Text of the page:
University Theatre’s Workshop Series Connects Students, Community to Theatre Production

Costume Crafting Night is one of the most popular events of University Theatre's workshop series.
Costume Crafting Night is one of the most popular events of University Theatre's workshop series.

At NC State, students, faculty, staff and the local community getting involved in theater is as simple as signing up for one-time courses. 

Launched in the fall semester of 2023, University Theatre’s workshop series offers opportunities for those groups to learn about different theater topics. The programs are free of charge to all participants. 

“The series is a collection of workshops and masterclasses focused on specific theater and theater-adjacent topics in short and bite-sized portions,” explained Joshua Reaves, University Theatre’s director. “The idea is that these workshops require no experience. The content or topics may range from amateur to advanced content, but are crafted to be available for those who have never walked into a shop or a theater.”

These are crafted to be available for those who have never walked into a shop or a theater.

Mia Self, University Theatre’s assistant director of acting, directing and academics, explained that many NC State students are interested in theater, but the time commitment often becomes an issue. 

Many students find it difficult to fit extra academic courses into their schedules, but the workshop series removes that barrier and allows students an opportunity they wouldn’t have otherwise had to learn and get involved with University Theatre. 

“It’s going to be more flexible for people to step in and out of content, and isn’t the high pressure of committing to a class when students are so consumed by grade considerations and that kind of thing,” Self said. “You can show up, play around with the content, it’s not going to impact your grade, it’s not going to jettison your schedule and it ideally will be a fun and enjoyable experience.” 

Reaves explained that the workshop allows students, faculty and the community to delve deeper into specialized topics. 

The workshop regularly hosts costume crafting nights that allow participants to bring in their costume design projects, get feedback and use the theater’s equipment to work on them. Previous programs have also included accents and voice acting workshops, makeup design and more. 

For example, before Halloween, University Theatre hosted a “zombies, blood and gore” makeup workshop. 

A connection with the community has been an additional benefit of the workshop series. Programs often include lecturers and performers from local theater productions, which allows students interested in pursuing theater as a career outside of school to network and, in many cases, find employment opportunities.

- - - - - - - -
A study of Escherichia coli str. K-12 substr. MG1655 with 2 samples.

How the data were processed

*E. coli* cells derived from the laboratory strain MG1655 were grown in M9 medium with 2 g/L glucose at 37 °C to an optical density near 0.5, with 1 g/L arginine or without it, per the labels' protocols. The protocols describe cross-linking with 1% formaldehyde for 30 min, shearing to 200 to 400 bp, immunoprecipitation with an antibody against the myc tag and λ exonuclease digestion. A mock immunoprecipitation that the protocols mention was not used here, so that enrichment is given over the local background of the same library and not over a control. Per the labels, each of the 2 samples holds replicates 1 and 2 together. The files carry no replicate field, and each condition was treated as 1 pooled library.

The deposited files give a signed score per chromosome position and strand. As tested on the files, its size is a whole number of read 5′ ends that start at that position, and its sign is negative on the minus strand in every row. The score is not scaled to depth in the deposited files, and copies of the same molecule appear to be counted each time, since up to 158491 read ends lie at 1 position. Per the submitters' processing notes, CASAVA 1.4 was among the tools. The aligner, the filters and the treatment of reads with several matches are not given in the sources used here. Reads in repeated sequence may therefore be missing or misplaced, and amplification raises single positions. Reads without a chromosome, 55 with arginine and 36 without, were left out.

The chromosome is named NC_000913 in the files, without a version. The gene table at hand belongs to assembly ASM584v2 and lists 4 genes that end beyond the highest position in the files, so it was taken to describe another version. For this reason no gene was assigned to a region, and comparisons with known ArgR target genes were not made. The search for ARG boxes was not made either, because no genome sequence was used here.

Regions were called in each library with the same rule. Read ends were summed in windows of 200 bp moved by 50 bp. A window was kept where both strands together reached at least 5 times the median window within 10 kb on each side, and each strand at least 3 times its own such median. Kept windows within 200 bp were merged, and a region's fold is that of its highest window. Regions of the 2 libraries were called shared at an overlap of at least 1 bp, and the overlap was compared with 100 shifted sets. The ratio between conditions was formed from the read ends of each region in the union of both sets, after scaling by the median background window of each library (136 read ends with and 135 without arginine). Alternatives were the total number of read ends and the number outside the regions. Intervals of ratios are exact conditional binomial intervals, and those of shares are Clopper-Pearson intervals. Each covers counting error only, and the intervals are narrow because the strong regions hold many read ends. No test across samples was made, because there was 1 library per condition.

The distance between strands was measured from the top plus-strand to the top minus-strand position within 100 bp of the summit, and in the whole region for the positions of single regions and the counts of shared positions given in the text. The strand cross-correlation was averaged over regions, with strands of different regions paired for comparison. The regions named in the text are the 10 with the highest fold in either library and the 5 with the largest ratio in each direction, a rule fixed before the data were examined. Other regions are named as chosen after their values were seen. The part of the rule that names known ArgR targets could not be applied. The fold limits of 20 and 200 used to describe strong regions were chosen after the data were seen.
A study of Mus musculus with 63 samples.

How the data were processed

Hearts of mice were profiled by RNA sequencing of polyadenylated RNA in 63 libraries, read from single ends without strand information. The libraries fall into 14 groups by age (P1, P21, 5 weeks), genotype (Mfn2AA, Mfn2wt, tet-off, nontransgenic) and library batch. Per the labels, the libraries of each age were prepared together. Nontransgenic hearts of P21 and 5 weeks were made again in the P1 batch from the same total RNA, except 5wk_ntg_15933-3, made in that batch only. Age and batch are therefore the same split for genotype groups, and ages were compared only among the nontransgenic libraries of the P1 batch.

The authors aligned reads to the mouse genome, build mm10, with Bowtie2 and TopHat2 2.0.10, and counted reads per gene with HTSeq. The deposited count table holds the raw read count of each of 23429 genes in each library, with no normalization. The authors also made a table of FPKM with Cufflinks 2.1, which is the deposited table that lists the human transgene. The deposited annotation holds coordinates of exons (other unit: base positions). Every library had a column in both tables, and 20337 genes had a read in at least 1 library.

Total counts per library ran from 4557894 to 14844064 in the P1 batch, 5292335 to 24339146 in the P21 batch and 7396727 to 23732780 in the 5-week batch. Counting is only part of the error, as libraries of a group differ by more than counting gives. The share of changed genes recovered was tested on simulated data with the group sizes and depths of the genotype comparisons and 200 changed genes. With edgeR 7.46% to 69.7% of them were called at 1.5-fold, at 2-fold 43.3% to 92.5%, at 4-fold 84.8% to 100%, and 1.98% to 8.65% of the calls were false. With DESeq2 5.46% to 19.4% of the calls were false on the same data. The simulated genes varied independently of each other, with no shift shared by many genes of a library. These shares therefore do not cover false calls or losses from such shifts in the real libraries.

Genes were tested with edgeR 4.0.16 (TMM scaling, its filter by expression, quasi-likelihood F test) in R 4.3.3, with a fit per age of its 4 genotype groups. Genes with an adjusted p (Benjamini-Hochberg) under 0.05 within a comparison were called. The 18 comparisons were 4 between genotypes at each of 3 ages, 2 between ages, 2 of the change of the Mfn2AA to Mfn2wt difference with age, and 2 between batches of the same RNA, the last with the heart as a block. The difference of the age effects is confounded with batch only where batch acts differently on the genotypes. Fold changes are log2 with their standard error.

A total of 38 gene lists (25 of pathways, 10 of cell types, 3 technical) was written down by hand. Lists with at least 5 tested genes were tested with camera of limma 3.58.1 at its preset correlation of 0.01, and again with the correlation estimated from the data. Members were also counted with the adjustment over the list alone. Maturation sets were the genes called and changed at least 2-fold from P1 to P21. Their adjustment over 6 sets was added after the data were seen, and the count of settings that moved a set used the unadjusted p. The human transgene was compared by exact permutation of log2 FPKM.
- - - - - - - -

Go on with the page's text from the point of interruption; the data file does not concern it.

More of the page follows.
“Being able to bridge that gap between the community and the students helps to prove to our students and to our community that we’re part of the same theater family,” said Danica Jackson, University Theater’s assistant director of performance. “It’s much less than six degrees of separation for a lot of us. The fact that we’re also able to bring in former students shows the community that we’re not just dedicated to students doing these things and having fun with us, but this is a real investment in their future.”

University Theatre’s leadership has also seen the workshop increase the local community’s interest in attending theater productions, particularly ones they’ve helped with through the workshop series. 

“That’s what we’re finding,” Reaves said. “Once they get into the building, they’re like, oh yeah, I want to see this show. Part of these workshops happen within the shops or the spaces within which we’re currently under rehearsal or in production. So the community is able to see what’s going on.”

As University Theatre looks to grow its presence both on campus and beyond, the workshop series will continue to be vital in making the theater more accessible to all. 

“We’re really excited,” Reaves said. “This series is built to serve our mission. Our mission is not  to do shows. We just happen to do shows to build community. That’s what we do. The workshop series is able to accomplish this in a very different way than our productions and other events do. We are excited about another way to bring students together.”